Outbursts by vice president Khumbo Kachali continue to draw fire
Malawi's vice president Khumbo Kachali has been roundly condemened for his vitriol-filed and angry reaction to calls for the president and vice president to ease up on domestic and international travel as one way of saving government money.
Since The Daily Times wrote the story on Friday, contributors to radio phone-in programmes, social media, internet discussion forums and various commentators have described Kachali's comments as 'arrogant', 'rude', 'regrettable', 'unbelievable', 'offensive', 'immature', 'denigrating to women' and have asked him to apologize.
Kachali made the remarks in the Tumbuka language in Karonga after opening a community telecentre. Political analyst Blessings Chinsinga said this was'stirring a hornet's nest' and Chancellor College lecturer Jessie Kabwila said "I am amazed at how quickly he is 'othering' the citizenry and removing those he perceives as critics from the nation state, the same thing that Bingu used to do."
Following the unveiling of the economic recovery programme last week, various players had suggested that one way to save money would be to cut on the president's and vice president's travel. But Kachali went to the extent of challenging Malawians with the words 'tendenge' (we will travel much more).
"Kufuma pano nthena mhanya uno namgona ku Lilongwe, asi nkhwenda pela? Ka nende pa ndalama za bawuso na banyoko? Pa sabata nkhujula kampeni ku [Mzimba] Southwest, pa Monday kujula kampeni ku Central, kweni pa chisulo nili ku Blantyre, zikukole za majungu!," Kachali said.
Contributing to an online discussion forum on this matter, Kabwila wrote that "unfortunately, we are taxpayers so yes, he does use our money when he travels and we have the right to ask.
When will our leaders understand that they are our servants and we have the voter's prerogative to quiz them on what they do? I was counting how many times he used the term 'mother' and I am at pains to believe he has any semblance of sensitivity to issues of women, let alone knowledge".
Chinsinga said Kachali's remarks were deeply regrettable considering the economic misery that many Malawians are encountering following the devaluation of the local currency by 49 per cent in June.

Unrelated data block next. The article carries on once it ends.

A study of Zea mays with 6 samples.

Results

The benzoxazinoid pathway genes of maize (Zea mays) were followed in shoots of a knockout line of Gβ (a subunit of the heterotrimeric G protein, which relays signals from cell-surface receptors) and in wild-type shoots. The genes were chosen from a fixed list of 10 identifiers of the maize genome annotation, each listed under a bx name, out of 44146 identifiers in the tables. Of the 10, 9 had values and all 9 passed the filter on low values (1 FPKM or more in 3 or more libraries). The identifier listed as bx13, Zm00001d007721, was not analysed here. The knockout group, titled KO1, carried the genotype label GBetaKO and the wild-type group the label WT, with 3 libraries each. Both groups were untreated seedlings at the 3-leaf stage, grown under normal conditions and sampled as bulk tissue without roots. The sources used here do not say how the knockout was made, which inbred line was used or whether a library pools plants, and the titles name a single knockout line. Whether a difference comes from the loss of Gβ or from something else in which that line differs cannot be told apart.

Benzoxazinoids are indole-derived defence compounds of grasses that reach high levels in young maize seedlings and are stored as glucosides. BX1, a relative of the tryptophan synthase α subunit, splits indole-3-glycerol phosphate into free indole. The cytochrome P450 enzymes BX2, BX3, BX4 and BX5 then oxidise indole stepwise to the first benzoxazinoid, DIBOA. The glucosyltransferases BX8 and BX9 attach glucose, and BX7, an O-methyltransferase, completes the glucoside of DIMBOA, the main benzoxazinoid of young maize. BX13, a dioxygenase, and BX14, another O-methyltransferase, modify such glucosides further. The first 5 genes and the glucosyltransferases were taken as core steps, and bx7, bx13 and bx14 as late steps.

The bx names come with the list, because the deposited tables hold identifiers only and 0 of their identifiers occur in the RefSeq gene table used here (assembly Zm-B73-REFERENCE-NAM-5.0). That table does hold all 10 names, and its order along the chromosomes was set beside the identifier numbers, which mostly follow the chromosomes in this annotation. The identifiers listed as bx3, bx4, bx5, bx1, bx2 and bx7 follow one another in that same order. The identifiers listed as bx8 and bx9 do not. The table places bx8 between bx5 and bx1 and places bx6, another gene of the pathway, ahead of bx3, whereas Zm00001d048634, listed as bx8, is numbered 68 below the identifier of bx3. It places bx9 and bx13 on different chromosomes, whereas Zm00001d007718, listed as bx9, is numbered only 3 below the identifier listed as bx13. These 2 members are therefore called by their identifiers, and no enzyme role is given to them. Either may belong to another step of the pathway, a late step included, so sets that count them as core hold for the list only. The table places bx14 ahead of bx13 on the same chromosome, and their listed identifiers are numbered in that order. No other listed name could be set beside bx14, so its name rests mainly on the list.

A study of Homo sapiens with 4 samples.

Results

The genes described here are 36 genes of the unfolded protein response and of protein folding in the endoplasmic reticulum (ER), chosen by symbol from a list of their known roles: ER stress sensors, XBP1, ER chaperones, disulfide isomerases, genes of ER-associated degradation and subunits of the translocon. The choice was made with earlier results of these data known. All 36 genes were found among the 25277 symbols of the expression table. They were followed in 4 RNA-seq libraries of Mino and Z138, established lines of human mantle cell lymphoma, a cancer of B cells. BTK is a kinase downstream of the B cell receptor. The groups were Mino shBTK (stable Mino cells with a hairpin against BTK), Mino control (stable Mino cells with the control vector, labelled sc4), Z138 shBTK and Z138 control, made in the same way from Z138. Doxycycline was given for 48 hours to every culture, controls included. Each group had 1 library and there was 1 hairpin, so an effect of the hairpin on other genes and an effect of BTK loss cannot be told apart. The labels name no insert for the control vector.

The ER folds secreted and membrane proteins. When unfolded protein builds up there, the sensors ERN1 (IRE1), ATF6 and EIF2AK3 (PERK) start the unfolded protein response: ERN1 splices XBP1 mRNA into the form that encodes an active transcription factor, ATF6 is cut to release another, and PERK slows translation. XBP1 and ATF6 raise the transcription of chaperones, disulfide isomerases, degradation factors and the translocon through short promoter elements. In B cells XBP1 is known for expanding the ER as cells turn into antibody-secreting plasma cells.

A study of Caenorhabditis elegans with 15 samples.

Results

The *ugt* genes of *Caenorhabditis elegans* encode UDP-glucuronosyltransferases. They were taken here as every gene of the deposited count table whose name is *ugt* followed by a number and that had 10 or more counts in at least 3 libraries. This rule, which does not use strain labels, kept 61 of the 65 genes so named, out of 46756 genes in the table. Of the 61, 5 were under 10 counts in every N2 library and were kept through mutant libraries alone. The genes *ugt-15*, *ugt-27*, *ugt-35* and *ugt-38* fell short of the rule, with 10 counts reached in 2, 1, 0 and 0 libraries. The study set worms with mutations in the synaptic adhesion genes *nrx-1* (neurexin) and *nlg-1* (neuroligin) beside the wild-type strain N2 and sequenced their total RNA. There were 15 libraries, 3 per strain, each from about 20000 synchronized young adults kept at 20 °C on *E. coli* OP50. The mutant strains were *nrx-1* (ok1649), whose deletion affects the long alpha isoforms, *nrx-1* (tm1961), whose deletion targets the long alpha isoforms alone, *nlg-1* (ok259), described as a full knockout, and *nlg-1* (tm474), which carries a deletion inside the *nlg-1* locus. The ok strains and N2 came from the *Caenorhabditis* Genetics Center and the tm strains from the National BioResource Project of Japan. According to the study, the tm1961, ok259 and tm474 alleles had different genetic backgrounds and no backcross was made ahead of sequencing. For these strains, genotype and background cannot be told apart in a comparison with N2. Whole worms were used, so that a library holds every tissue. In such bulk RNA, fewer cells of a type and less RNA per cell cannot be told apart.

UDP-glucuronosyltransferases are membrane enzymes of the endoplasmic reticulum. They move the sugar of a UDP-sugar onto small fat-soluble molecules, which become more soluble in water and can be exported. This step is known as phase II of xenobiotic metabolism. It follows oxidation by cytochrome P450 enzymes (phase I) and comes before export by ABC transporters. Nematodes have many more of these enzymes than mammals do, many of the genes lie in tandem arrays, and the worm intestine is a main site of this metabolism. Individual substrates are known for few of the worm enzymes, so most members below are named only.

"The Minister of Economic Planning and Development Atupele Muluzi convinced us that the economy had reached the point of a malaria patient choosing between bitter Quinine and Panado. Now the vice president is telling us 'Quinine for the rest of you but Panado for us'. What he should know is that Quinine produces side effects," Chinsinga said.
The opposition DPP said Kachali had 'insulted the intelligence of Malawians' and advised him to be extremely careful on how the leadership reacts to advice and criticisms.
"We are concerned that such statementscan come from the second highest office in the land. Why should it be only Malawians who swallow a bitter pill? If the executive minimizes on travel and save tax payers money, that is part and parcel of financial prudence," DPP spokesperson Nicholas Dausi said. Dausi, an 'orator' in his own right, advised the vice president to rise above 'platform politics'.
MCP chief whip in Parliament Joseph Njobvuyalema asked Kachali to stop behaving as if Malawians put him in power such that he could take them for granted.
"The veep ought to know that Malawians didn't elect him. He was appointed by one person (the president) and Malawians are yet to be satisfied with his capabilities. Such utterances from an unelected person are unfortunate and rude," said Njobvuyalema.
The MCP MP said he was personally offended that a man whom Malawians are providing with security, a salary and food can insult them in such a way.
Civil and Political Space Platform member Billy Mayaya was just as shocked that a political leader the caliber of the vice president could utter such words to a nation suffering from decisions made by his own administration.
"If people are raising concerns on the need for government to exercise austerity and they are not ready to listen to the people ,then it's their own fault. If they are repeating the mistakes of the previous government, its is going to be their downfall," Mayaya said.